So what exactly is “Hypnosis”? The majority of the world knows hypnosis as the theatrical fireworks that happen in traveling side shows or on TV. The subject is forced into an unbreakable trance and made to cluck like a chicken or kiss a dog… You know the bit.
At the end of the day, those displays are indeed ONLY theatrics. No one can be forced into a trance. Also, once they are in one, they cannot be forced to do something that they wouldn’t normally do. It doesn’t give you super human strength or irrevocably change any mental wiring. That being said, the process of hypnosis and the usage of hypnotic language as a communication expert are very powerful and functionally effective tools.
In this tutorial we will discuss how exactly hypnosis/hypnotic language works within the brain. We will also cover its usage in everyday conversation so that you may begin to add hypnotic language to your effective communication skills.
The definition of Hypnosis given by Webster’s online dictionary is: Noun – A trance-like state that resembles sleep but is induced by a person whose suggestions are readily accepted by the subject. The hypnotist uses communication that is governed by a set of rules to produce this trance-like state…
The EXACT neurological process by which hypnosis “works” is still up for debate, but the physiological processes that follow an induction are quite clear. There are three main areas that endure a strong and noticeable change during induction and hypnosis.
- The Nervous System: Your Autonomic nervous system is the main system for transmitting signals from the central nervous system to internal organs and systems such as the pulse, heart beat, glandular activity and digestive tract, etc… The Autonomic is broken into two parts, the sympathetic which increases activity and parasympathetic which decreases activity. During hypnosis, the parasympathetic system is activated and slows all of the above processes including a few others. The helps achieve the relaxed, trance like state.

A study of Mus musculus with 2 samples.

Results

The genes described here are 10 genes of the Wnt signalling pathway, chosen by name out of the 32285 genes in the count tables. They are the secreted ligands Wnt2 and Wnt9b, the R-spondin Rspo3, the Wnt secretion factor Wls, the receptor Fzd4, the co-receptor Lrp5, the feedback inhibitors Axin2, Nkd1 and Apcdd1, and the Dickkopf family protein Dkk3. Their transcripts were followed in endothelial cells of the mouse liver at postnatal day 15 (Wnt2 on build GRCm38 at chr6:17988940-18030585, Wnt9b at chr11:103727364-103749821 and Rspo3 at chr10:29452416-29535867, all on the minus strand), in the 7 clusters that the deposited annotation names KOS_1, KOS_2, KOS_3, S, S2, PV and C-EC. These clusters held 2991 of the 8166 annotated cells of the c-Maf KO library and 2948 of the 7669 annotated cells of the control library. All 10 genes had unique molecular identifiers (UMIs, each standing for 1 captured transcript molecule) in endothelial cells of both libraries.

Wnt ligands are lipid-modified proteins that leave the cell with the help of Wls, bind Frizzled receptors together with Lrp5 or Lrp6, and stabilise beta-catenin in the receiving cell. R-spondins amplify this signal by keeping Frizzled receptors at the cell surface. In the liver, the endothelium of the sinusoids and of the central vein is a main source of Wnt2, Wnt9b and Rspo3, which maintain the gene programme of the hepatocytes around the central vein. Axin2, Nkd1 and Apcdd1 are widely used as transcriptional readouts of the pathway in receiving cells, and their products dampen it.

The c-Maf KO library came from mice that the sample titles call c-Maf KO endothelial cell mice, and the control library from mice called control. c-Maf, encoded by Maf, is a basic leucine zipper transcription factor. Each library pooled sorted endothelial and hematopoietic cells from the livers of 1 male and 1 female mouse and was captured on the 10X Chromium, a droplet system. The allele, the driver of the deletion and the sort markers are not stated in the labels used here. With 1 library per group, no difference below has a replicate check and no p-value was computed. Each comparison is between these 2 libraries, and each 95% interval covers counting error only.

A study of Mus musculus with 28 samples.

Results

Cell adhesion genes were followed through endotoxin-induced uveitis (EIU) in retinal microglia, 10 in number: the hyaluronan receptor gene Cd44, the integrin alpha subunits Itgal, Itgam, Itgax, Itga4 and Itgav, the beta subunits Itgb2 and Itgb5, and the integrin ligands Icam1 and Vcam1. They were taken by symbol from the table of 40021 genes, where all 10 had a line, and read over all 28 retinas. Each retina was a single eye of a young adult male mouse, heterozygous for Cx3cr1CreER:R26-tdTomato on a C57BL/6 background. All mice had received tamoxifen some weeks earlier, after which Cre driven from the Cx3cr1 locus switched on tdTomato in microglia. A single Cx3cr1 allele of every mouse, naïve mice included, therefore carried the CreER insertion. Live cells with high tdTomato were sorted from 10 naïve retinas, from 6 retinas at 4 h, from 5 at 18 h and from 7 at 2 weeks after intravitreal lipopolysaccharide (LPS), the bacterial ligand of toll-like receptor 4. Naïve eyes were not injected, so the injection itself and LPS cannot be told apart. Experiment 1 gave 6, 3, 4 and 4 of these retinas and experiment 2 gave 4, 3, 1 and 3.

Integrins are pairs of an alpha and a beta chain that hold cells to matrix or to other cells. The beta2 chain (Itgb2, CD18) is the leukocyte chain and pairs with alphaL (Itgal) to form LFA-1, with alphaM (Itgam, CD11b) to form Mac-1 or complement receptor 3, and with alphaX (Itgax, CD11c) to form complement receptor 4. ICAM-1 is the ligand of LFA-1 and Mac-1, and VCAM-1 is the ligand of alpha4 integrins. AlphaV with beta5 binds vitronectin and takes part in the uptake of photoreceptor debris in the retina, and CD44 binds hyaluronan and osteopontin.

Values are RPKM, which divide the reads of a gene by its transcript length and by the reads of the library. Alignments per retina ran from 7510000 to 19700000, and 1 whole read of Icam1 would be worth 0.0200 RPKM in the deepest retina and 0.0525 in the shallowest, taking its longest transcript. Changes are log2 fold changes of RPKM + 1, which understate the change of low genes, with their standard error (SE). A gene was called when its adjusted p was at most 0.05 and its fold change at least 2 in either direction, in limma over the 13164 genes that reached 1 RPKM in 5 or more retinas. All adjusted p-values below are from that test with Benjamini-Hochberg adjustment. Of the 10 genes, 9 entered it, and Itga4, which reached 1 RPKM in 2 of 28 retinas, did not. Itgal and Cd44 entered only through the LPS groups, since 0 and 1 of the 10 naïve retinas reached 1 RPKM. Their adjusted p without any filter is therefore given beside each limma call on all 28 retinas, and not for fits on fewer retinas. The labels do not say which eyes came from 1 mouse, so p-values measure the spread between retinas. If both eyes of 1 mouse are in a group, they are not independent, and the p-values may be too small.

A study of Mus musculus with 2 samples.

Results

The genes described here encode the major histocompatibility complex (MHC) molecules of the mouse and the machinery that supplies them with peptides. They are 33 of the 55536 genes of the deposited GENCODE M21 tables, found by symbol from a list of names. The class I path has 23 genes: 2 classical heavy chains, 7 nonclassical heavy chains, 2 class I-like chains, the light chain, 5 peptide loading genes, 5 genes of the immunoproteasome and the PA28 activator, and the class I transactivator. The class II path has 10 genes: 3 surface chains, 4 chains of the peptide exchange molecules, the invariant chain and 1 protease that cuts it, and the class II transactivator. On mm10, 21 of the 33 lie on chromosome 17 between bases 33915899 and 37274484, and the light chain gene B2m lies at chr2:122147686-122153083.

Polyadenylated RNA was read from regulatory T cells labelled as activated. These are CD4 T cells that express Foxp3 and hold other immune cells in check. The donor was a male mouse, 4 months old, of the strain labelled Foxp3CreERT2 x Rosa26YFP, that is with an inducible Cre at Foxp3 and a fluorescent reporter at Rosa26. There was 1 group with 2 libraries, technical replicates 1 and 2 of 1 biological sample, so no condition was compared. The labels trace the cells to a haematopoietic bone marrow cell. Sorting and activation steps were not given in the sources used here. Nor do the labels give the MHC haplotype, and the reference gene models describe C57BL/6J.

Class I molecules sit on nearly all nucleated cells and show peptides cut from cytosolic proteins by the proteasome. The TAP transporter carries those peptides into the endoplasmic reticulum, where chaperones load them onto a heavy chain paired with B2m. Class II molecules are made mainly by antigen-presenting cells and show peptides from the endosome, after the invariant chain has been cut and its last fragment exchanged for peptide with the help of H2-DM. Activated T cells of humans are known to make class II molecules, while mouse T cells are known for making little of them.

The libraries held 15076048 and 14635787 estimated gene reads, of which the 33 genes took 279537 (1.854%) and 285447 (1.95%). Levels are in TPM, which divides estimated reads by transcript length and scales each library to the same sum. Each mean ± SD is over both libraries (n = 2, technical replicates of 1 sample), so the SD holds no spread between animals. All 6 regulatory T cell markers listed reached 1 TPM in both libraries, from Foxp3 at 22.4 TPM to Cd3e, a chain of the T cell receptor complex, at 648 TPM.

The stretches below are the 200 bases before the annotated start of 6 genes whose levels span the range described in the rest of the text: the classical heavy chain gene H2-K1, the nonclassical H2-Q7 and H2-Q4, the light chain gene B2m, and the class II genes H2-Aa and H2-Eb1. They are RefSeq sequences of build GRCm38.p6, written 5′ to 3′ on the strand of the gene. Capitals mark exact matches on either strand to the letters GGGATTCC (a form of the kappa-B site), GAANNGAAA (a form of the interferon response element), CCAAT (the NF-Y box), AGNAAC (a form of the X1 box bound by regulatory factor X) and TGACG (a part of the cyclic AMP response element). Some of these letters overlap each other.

- Hemispheric brain activity: The brain has two hemispheres, the left serves the purposes of active selective attention and dealing with logic, language, raw information and reason. The right hemisphere deals with spatial ability, facial recognition, visual imagery, creativity, etc… During induction and throughout hypnosis left hemisphere activity is decreased and right hemispheric activity is increased.
- Brainwaves: There are four levels of electrical activity emerging from the brain’s function.
- i) Beta (14-30cps) This is normal conscious activity… We experience arousal states here such as anger, fear, worry, etc…
- ii) Alpha (8-13cps) This is considered a non-arousal state. It is indeed normal consciousness but this is where pleasure and tranquility are experienced.
- iii) Theta (4-8 cps) This is deep relaxation. In this state we can experience uncertainty, daydreaming, deep tranquility and creativity. Theta has two sub-states:
- (1) Class I – This is a relaxed drowsy state and is experienced on the way to the next stage which is Class II.
- (2) Class II – This is a deeply relaxed state and full blown hypnosis. In this state you experience automatic efficiency and sustained mental performance. It is great for solving problems, processing perceptual experience and retaining memory.
- iv) Delta (.05-4cps) cycles per second. Sleep. No emotional sensation. Hypnosis cannot reach this…
As an illustration, hypnosis is a great example of how communication can have a powerful impact on people. Let’s bring the reins in a bit for a second and come back to “persuasion-reality”. Regardless of what you have seen on TV, people can not be forced into hypnosis and instantly mesmerizing someone with communication is almost definitely an urban legend. Is it possible? I suppose… Just like it is possible that you can win the lottery. Is it probable? NO!
I have read a number of “stories” that purport instances of instant induction and there are a number of professionals who claim the ability to do so. To the best of my knowledge though, they have all been debunked… As far as clucking like a chicken or feats of strength, these are generally stage acts.
Clinical hypnosis though is a thoroughly examined, studied and documented field. Although it’s effectiveness is generally patient dependent, it has proven to be effective. Also, the above mentioned physiological changes are undeniable… These changes are objective, empirical evidence that Hypnosis exists and does indeed have an effect on the mind and body. Hypnotic language is indeed a very powerful and effective communication tool for lulling the mind into a state of “suggestibility” and thus giving you more control over the communication.
To learn more about Hypnotic Language and other forms of communication that can help you refine your own effective communication skills, please explore the rest of my blog The Communication Expert, or if I am online, please feel free to connect with me via Skype.